MAYA: The illusion of Life

clever_goldfish_shark_400_wht_9243Our Internet access has been poor and intermittent, so I could not post this when I actually wrote it.  We are sitting in India at a friend’s place with me struggling to catch up on emails and my son trying to catch up with his school homework.

Suddenly, my 14-year-old son looks at me and says, “Papa, the world should have ended last night according to the Mayan calendar.”

Now that we have survived the end of the world, I wanted to take this opportunity to share my feelings about the root word Maya.

For some odd reason, I have been fascinated by the word Maya, which in Sanskrit means “illusion” for decades.  I liked it so much that I wanted to name our daughter Maya, but my wife would not allow it as she thought the meaning was unclear.

Certain traditions believe that all of life is a Maya.  My personal opinion tends to associate with that perspective, especially in terms of the power of our mind to create any realities that we believe.  Have you noticed how we can always find evidence to support our stance, no matter what it is.  Only after spending years writing my book and living it, I have realized the significance of the word and the reason for my infatuation with it.

Another school of thought supposes that all of reality exists only in language, which in my opinion further helps with the conjuring of an image or a scenario by our mind.  Our mind’s ability to fabricate any internal reality is simply amazing.

I have been dealing with my mother who is suffering with Alzheimer’s and find myself fairly exhausted at the end of each day.  When I put my head on the pillow to go to bed, my mind is racing with all kinds of thoughts that have been created through the various exchanges during the day.  At the end of the day, the only way that I can calm myself is by realizing that all of them are just thoughts.

Please don’t let thoughts define you; they are merely thoughts. They come and they go.  We are thought generating machines, creating Maya for one and all.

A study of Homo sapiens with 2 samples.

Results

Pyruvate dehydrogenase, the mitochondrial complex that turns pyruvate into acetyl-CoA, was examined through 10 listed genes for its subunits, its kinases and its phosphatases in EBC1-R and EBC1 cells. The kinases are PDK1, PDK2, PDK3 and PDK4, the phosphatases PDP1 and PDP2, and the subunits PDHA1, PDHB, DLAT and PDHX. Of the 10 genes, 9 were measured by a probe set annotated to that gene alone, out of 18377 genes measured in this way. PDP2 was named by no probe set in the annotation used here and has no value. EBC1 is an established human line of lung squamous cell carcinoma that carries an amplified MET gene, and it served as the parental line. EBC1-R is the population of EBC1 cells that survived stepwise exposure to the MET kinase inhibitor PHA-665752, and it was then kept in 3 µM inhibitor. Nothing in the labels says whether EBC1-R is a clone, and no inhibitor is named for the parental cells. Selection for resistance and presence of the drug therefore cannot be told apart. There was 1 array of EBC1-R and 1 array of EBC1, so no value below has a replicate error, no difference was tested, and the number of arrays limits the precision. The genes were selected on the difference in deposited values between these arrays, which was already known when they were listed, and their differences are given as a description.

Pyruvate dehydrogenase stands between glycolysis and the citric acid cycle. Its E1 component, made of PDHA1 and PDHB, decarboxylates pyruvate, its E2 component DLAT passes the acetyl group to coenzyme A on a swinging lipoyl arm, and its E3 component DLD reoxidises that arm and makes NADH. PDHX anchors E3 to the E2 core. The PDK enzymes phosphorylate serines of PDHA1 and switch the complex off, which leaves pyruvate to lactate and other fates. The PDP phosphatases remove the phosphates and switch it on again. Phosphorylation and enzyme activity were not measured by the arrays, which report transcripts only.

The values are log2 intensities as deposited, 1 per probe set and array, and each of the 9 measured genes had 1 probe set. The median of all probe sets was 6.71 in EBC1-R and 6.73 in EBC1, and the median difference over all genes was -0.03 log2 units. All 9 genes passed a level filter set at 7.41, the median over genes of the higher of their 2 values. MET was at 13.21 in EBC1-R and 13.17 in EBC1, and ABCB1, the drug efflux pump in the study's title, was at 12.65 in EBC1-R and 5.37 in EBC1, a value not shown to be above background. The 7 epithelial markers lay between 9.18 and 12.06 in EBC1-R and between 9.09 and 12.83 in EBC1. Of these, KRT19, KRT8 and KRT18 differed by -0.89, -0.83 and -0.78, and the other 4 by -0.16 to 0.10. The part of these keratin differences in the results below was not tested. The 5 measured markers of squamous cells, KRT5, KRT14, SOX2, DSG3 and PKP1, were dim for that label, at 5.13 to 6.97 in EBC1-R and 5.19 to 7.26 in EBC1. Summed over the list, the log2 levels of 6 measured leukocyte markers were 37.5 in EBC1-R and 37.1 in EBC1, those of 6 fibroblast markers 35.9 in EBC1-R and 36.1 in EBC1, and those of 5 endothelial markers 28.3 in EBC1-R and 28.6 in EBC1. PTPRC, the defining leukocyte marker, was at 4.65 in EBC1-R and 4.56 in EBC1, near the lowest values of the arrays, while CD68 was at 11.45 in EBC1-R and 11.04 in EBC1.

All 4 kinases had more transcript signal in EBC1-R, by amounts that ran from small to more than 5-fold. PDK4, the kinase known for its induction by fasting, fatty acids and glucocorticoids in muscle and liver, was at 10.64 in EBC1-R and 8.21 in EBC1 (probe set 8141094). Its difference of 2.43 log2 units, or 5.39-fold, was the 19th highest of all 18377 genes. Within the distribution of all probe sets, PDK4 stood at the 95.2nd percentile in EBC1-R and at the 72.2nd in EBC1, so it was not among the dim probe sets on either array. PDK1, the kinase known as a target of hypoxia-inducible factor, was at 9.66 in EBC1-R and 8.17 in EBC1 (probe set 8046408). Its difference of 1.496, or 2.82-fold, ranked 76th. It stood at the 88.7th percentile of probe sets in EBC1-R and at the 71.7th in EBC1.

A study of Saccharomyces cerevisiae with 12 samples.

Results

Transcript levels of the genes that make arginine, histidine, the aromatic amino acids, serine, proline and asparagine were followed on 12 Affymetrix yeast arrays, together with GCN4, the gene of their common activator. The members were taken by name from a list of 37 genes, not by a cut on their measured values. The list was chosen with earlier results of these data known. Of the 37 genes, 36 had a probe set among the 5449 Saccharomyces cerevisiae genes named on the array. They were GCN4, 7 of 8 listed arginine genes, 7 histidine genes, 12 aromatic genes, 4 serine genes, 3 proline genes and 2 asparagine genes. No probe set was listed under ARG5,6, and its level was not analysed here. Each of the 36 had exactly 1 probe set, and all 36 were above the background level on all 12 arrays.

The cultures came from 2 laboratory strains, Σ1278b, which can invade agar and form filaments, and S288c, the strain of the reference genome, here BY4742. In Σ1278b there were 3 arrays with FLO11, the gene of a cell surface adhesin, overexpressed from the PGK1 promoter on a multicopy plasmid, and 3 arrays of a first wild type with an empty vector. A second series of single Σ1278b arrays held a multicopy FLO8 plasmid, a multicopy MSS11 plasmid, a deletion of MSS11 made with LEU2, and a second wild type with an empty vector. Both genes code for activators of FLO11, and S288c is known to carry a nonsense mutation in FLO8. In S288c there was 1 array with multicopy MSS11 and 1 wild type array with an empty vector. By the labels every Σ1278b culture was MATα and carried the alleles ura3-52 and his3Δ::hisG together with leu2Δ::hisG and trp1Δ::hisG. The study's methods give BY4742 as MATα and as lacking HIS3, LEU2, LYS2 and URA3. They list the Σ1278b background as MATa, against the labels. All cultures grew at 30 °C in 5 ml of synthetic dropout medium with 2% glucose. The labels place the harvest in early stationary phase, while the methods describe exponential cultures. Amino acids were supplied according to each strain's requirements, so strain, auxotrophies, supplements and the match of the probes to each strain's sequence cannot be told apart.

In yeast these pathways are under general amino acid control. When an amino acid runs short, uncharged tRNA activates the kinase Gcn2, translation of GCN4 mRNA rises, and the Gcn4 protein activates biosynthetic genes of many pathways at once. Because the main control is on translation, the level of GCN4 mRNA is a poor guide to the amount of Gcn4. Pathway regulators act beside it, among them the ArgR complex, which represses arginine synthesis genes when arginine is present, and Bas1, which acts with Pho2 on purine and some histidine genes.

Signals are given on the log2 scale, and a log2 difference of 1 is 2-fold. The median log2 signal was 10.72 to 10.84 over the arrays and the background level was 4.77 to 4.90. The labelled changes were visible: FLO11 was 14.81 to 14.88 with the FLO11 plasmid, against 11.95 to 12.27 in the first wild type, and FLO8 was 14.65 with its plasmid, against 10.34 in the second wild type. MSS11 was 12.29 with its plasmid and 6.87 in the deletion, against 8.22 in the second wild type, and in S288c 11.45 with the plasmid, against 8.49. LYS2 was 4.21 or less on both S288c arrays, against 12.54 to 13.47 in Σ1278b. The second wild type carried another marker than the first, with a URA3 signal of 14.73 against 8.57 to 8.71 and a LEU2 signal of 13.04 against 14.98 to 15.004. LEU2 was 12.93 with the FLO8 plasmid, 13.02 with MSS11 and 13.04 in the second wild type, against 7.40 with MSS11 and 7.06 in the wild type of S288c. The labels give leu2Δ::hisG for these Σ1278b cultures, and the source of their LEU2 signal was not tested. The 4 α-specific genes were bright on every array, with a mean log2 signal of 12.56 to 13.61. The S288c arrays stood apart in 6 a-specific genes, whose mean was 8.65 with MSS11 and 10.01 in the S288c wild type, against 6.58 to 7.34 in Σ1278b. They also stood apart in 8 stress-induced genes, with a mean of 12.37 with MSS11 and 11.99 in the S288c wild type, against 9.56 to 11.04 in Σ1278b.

Season’s Greetings, Happy Holidays and Merry Christmas!

Krishna

About Krishna Pendyala

Author of "Beyond the PIG and the APE: Realizing SUCCESS and true HAPPINESS". I am a life coach, speaker and workshop leader. My vision is to enhance life on our planet by raising awareness of the ego, in a simple manner. My commitment is to empower men and women make better choices to achieve joy and fulfillment, without protracted struggles or huge personal crises. I believe we can create an enlightened society where inner awareness empowers people to thrive in harmony.

  1. Joe Stafura says:

    Being involved in language technologies this post is of particular interest, the definition of Maya as the outcome of a flawed perspective is a great way to look at the genesis of poor decisions. While the definition of Maya can been compiled into a meaning of Illusion the core roots means ” not that”. And as you have mentioned, our brains have evolved to be Thought generating machines, the same mechanism that propels us forward is also responsible for the things that can set us back, studies have shown we “zone out” into self constructed fictions over 14,000 times per day.

    Seeing the difference between the reality we want vs. the one we have is painful at times, but seeing what is leads us to the best decisions, allowing us to see “that” which is true and ignore the attractive “not that’s” that tell us what we want to hear or see.

    The “location” from which your mind begins this journey is a major factor in what plot lines are available to you, this makes things hard when dealing with intractable problems such as those affecting your Mother.

    Best of wishes for the strength and wisdom to help guide you through this Krishna, safe travels of all types.

    Respectfully….Joe

  2. Nagaraj says:

    I believe the entire Theory of relativity is about Maya. The reality is what you believe you see according to your own inertial frame of reference. The same event is perceived differently by someone on a different referential frame, so there is no such thing as “universal” truth.